I Got Rid Of All My Mom Friends & I’ve Never Been Happier

Being a mom is a beautiful thing, but when most of your friends become parents and you’re still single and childfree, you start to feel like the black sheep of the group. After feeling like my mom friends stopped being fully invested in our friendship, I decided I was done feeling inadequate and found other friends instead.

They were all about their kids. When I was growing up, it was hard to imagine a life without my best girlfriends. We went through similar things, had similar problems, and even liked doing the same stuff together. What I realized after some of my friends became parents is that “mom” became their entire identity in life and all they cared about anymore was their kids. This is great, but a lot of the time, I felt like there was no longer room for me in their lives.

You can be a mom and still have fun. What I found interesting about my ex-mom friends is that I felt like they didn’t have balance. Moms that I’ve met since then have time to be a mom and still be women/human beings. I don’t see them all the time, but when we meet up they’re fully present, have fun, and can just have girl time.

I have a more balanced view of motherhood. Personally, I would want to approach motherhood from a bit more of a stable and balanced place than my old mom friends did. I would hope that I’d still get to be there for my friends and support them despite investing my time and energy in raising my children as best I could. When my kids grow up, I don’t want to be that crappy friend who’s now calling around trying to reconnect with people after ignoring them for years.

I know where I stand in my friendships. It was hard losing my mom friends because I had grown up with most of them. We always imagined being friends for life. Starting over and realizing that I had to make new friends was challenging, but I appreciate now knowing where I stand in my relationships. I now consciously forge connections not only based on how much I click with someone but also based on where potential friends are in their lives and how our future goals align.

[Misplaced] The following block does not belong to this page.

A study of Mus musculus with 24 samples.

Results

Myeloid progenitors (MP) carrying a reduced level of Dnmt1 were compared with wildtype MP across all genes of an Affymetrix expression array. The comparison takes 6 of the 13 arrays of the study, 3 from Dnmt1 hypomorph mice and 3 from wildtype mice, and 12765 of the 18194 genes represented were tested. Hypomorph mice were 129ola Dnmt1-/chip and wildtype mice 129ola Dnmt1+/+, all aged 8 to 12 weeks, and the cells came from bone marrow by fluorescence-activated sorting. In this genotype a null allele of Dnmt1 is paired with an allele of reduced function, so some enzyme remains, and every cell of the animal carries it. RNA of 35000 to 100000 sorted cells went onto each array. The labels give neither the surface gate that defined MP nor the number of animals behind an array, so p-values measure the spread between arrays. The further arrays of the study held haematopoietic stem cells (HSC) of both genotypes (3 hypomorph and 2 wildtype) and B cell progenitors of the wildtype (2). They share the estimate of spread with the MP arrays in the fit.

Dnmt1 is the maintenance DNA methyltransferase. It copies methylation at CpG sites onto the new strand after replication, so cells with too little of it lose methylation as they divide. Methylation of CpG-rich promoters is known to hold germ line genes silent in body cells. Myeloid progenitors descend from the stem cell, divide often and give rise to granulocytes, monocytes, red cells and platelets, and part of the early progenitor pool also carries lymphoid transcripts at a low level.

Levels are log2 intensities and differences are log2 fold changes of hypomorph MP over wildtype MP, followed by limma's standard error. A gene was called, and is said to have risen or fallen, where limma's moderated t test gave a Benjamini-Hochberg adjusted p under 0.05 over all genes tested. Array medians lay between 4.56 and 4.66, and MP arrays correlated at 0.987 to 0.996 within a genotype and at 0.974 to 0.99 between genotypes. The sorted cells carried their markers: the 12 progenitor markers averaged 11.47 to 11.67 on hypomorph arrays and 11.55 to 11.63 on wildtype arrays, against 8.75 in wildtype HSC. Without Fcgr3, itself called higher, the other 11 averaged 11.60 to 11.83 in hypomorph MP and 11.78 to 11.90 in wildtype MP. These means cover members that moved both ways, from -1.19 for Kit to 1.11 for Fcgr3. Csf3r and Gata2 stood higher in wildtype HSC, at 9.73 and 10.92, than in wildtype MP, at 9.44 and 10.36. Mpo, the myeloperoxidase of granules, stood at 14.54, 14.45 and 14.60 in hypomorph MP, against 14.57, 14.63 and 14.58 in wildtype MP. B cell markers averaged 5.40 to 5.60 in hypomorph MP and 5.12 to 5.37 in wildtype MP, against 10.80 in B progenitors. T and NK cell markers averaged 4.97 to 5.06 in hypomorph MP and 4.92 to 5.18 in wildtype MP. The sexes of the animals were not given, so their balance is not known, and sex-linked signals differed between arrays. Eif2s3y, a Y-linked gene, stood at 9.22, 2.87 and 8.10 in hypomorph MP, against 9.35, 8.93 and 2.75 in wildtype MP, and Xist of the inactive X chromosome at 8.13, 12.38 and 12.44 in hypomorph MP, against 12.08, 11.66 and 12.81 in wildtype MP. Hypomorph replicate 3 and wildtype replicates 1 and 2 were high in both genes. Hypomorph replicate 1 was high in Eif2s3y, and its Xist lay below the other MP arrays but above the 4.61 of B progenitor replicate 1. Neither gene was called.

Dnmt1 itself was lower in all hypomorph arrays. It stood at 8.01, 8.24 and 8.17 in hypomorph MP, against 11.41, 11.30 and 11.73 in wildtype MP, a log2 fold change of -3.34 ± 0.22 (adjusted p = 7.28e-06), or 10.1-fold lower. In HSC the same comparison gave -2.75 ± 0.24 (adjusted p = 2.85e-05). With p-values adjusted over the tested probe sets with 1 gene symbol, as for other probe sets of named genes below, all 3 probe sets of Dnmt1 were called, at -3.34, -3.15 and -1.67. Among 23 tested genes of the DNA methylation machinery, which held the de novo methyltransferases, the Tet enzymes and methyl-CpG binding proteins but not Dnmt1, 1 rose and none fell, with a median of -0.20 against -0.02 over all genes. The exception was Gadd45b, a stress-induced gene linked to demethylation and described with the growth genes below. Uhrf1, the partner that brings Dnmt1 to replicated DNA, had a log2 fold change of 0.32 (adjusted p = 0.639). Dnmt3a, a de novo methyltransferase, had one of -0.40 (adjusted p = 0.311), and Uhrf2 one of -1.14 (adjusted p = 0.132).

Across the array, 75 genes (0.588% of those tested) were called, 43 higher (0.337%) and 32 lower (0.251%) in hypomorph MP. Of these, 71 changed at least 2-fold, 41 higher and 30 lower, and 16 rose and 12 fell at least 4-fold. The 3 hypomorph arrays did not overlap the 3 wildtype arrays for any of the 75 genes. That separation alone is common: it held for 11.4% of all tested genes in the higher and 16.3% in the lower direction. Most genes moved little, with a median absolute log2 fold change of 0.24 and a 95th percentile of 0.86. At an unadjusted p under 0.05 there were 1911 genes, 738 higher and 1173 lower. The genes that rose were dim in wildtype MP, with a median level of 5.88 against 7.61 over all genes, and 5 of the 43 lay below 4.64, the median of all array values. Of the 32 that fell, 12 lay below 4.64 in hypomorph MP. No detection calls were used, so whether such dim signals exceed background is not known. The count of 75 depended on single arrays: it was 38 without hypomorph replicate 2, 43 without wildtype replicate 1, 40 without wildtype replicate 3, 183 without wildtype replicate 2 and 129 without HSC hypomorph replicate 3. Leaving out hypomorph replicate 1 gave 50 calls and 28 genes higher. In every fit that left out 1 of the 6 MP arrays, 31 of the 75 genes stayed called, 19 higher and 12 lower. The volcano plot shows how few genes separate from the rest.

I now feel like my opinions matter. In connecting with new friends, I no longer have to feel like I’m walking on eggshells with things that I say. With my ex-mom friends, I felt judged when I shared my opinions, and it felt like my thoughts and feelings were inferior to theirs. Now, I feel like I can freely share my opinion and it is received with an equal amount of respect.

We’re on the same page. It has been comforting connecting with other women who are single and don’t have kids. Yes, getting married and having kids is something I look forward to, but for now, I’m happily single and happy with my life, career and how things are going. It’s nice not to made to feel inadequate just because I don’t have kids or a boyfriend. Finding my tribe has helped me find camaraderie and enabled me to stop comparing my life to moms. I’ve grown to appreciate my life for where it is and to embrace it.

I make time for myself. Before my ex-friends became moms, a lot of my free time was spent with them, doing stuff on the weekends, dissecting each other’s lives and trying out new things together. I realized that our lives were way too interconnected. In having time to myself after I decided to cut off my mom friends, I found that I got to re-discover myself on my own without the influences of others. That’s a necessary process if you want to have a strong personal identity and conviction about what you want out of life. I now make a point of having more ‘me time’ to check in with myself and recalibrate to make sure I’m on track with my life goals.

New beginnings are part of life. I lost my ex-mom friends but I gained better friends and an even better relationship with myself. If I didn’t have the courage to admit that my friendships with my ex-mom friends had run their course, I would never have discovered the friendships I have now that I’m so grateful for.

I now have friends I can count on. I know what to expect from the friends I have now. I no longer have to wonder if they’ll show up for me during the moments that matter most. I have the confidence that even if they have a lot going on, they value our friendship and will do their best to show up for me, support me, and be there for me—and I would do the same for them.